The Bridge Between the Continents is a bridge on the Reykjanes Peninsula that connects the North American and Eurasian tectonic plates.
Explore the affected areas while on a self drive tour in Iceland.
Photo above from Wikimedia, Creative Commons, by josef knecht. No edits made.
The Bridge Between the Continents exists because the mid-Atlantic rift runs through Iceland. This rift separates the North American and Eurasian tectonic plates, meaning west Iceland, much of the north and much of the Highlands is North American land, and the rest is on Eurasia.
The best place to see these tectonic plates is in Þingvellir National Park, a UNESCO World Heritage Site on the Golden Circle. Going through this park means descending the cliffs marking the edge of one plate to enter, and ascending over the other to leave. The valley in between is a no-man’s-land between the two.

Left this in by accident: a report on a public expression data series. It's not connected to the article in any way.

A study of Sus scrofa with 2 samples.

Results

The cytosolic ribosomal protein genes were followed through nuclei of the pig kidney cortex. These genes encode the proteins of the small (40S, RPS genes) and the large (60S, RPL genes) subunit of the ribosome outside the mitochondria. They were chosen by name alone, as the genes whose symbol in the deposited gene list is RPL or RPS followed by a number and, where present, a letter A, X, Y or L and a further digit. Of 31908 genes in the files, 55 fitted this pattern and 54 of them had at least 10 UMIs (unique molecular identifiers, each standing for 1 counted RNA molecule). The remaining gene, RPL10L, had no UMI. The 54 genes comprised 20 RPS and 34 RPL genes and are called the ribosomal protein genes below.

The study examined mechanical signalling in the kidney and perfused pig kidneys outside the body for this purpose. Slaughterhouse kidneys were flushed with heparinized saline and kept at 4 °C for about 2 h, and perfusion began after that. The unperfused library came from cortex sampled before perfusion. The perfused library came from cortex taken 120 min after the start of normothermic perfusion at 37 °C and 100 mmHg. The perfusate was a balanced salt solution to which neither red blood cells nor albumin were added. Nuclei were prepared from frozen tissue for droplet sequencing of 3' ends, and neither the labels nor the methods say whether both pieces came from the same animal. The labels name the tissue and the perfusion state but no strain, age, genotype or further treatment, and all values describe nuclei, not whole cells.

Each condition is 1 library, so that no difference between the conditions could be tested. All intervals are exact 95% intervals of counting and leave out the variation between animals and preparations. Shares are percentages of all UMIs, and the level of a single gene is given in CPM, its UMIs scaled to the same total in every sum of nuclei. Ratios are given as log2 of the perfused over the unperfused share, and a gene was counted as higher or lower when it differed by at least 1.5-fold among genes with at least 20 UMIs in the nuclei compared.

Here, you will see that these two plates are several kilometres apart. The Bridge Between the Continent does not cover this span, but is more symbolic; it sits in the rift and runs in the direction between the plates, but is not literally a path between the two.
Even so, it is an excellent place to learn about the geology of Iceland; there are many informative signs, and Reykjanes Peninsula is lined with volcanos and coated in lava rock, showing the effect this rift has on the country’s geography.
Photo from Wikimedia, Creative Commons, by Giuseppe Milo. No edits made.
The Bridge Between the Continents is on the very end of the Reykjanes Peninsula. It can be reached by travelling south on Route 40 out of Reykjavík, following the road onto Route 41, before turning onto Route 44. This road will become Route 425, where the bridge is situated.